Why Philanthropy Matters
A Conversation with Donald P. Christian, SUNY New Paltz President and Michael T. Keegan, SUNY New Paltz Campaign Chair
Erica Marks, Vice President for Development and Alumni Relations had the opportunity to speak with Donald P. Christian, President of SUNY New Paltz and Michael T. Keegan, Campaign Chair about the upward trajectory of SUNY New Paltz and the importance of philanthropy at a state college.
Why is public education more important than ever?
Mike: A public college like SUNY New Paltz provides a world-class education while being accessible to those who have the desire to learn—regardless of institutional legacy or socio-economic privilege. We serve many students who have overcome unbelievable challenges to get here. Our primary consideration is giving them the opportunity to succeed by removing obstacles—personal, social and financial.
Don: Exactly, Mike. And private philanthropy underwrites the transformative experiences that New Paltz already offers and plans to expand. We want to expand teaching and learning outside the classroom, which positions students for the future, strengthens our connections in the Hudson Valley region, and contributes to a prepared workforce. We look for opportunities that benefit businesses, non-profits and the community and provide real-world applications for our students and faculty.
Mike: That’s such a good point, because we can’t forget that state support has also been flat for the last eight years, putting more of a burden on students and families to fund the operating budget. With nearly 80% of our campus operating budget coming from tuition and fees, being a “state school” doesn’t mean what it used to.
Don: When I talk with alumni from the 1960s and 70s, it’s hard for them to fathom that many of today’s students are not able to afford the cost of attendance. Tuition was low 50 years ago, even relatively speaking, because the level of state support was higher.
How would you like alumni to see themselves in this campaign?
Mike: First, I encourage every alumnus to reflect on how many of today’s students have experiences radically different from theirs. Did you have to worry about paying for school or work at part-time jobs (sometimes several), or were you able to focus on classes, homework, internships, being part of a club, without that kind of pressure? Was your tuition in the thousands of dollars, or hundreds? Did you have a safety net? I hope this makes you think about today’s students who are striving to make ends meet.
Don: Yes, and as you think about national or global issues that concern you, consider that you can make a difference by supporting students who will bring their knowledge, skills and passion to bear on these very issues.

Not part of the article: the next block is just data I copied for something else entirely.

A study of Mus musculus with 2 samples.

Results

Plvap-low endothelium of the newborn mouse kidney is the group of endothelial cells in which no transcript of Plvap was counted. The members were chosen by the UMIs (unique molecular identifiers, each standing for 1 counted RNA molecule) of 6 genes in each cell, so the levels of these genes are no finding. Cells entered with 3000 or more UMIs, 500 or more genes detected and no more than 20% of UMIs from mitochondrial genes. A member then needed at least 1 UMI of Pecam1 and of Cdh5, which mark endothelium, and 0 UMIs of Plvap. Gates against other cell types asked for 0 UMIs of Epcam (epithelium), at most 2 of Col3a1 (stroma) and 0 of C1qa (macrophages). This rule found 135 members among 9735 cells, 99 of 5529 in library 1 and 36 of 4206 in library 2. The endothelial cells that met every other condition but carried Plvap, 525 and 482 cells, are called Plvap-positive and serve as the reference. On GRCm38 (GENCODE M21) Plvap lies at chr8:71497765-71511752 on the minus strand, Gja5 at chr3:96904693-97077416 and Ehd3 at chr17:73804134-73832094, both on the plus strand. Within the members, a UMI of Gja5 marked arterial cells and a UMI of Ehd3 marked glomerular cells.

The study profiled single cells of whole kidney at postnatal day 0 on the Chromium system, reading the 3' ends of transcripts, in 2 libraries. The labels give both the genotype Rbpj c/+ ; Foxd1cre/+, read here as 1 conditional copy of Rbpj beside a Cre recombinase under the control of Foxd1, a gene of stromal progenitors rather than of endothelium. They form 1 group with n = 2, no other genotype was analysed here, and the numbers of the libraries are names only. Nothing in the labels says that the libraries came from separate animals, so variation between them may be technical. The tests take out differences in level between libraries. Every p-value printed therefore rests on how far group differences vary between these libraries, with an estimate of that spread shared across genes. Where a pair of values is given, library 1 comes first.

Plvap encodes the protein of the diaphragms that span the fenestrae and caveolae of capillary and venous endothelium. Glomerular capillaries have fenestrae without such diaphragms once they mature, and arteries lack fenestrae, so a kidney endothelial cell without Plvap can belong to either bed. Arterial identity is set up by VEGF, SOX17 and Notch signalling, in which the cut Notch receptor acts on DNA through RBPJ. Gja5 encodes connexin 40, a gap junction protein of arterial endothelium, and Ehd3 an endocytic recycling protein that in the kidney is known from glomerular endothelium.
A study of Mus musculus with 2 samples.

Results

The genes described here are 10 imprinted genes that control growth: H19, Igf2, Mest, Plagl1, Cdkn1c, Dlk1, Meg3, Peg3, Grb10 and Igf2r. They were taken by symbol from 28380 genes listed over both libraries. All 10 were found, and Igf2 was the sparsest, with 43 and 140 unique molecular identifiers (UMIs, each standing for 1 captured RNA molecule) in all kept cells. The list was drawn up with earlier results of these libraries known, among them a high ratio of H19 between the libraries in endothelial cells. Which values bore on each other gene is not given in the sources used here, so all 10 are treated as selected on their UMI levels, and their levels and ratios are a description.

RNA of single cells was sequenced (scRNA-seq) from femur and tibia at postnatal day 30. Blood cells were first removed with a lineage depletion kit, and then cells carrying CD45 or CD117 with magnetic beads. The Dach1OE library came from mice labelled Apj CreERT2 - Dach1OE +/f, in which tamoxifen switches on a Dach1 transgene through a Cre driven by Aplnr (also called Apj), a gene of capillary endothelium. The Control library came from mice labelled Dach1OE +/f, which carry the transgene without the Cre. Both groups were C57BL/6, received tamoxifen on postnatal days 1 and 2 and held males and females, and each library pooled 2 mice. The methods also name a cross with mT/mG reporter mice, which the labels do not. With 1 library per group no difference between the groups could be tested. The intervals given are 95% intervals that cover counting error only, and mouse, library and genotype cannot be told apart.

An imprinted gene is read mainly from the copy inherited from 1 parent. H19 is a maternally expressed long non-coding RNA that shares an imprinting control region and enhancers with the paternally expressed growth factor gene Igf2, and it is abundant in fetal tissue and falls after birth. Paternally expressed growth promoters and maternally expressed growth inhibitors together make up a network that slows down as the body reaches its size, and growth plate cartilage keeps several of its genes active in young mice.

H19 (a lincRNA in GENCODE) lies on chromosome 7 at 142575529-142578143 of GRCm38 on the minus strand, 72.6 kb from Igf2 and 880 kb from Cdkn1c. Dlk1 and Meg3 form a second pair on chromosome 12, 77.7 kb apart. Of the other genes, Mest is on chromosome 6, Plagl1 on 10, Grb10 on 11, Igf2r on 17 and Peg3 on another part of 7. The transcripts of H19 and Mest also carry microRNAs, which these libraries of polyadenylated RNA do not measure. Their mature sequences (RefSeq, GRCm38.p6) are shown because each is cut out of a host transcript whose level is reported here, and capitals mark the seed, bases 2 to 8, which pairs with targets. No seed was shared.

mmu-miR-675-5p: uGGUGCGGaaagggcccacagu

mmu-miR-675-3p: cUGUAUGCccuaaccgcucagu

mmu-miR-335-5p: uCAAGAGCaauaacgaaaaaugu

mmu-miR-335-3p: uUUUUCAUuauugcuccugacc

If I walked onto campus for the first time in a decade, what would I notice?
Mike: Our campus has literally been transformed from a decade ago.
The number of undergraduates is about the same, but the diversity of our student body has grown markedly. Forty-five percent of the most recent incoming class comes from underrepresented groups.
Don: I hear from alumni how impressed they are with the facilities. In 2012, we re-dedicated Old Main, home of the School of Education, which now has high-tech classrooms and “green” features along with restored details from the original 1907 building. The Sojourner Truth Library re-opened in 2016 with extensive renovations. Students love the expanded views of the Shawangunk Ridge, more natural light and the open layout on the main floor. In 2017, we opened the state-of-the-art Science Hall, the first new academic building on the New Paltz campus in nearly 20 years, and we moved into our new Engineering Innovation Hub in fall 2019.
Whenever I ask what students like best about New Paltz, they invariably talk about the sense of community here: classmates and resident assistants who reached out to them in difficult circumstances, professors who helped them feel valued, student-athletes who show up for one another’s games, hundreds of clubs where they find a place.
I hear the same thing from alumni as they try to articulate what was so remarkable for them about their time here.
Mike, you’re not an alumnus of New Paltz. Why have you served on the Foundation Board for more than 15 years?
Mike: I talk to faculty and alumni whose passion for this place is unparalleled. Time and again, I meet students who have overcome incredible odds and become highly-engaged, successful students. I can’t help but want to be a part of that.
The SUNY New Paltz Foundation was built over the last four decades through careful planning and generous philanthropic donations. Through these investments, the Foundation has directly created opportunities for students by providing the resources for that “margin of excellence” that would not otherwise be possible. Now, I want to see us capitalize on this energy and solidify New Paltz’s position as a premier public institution.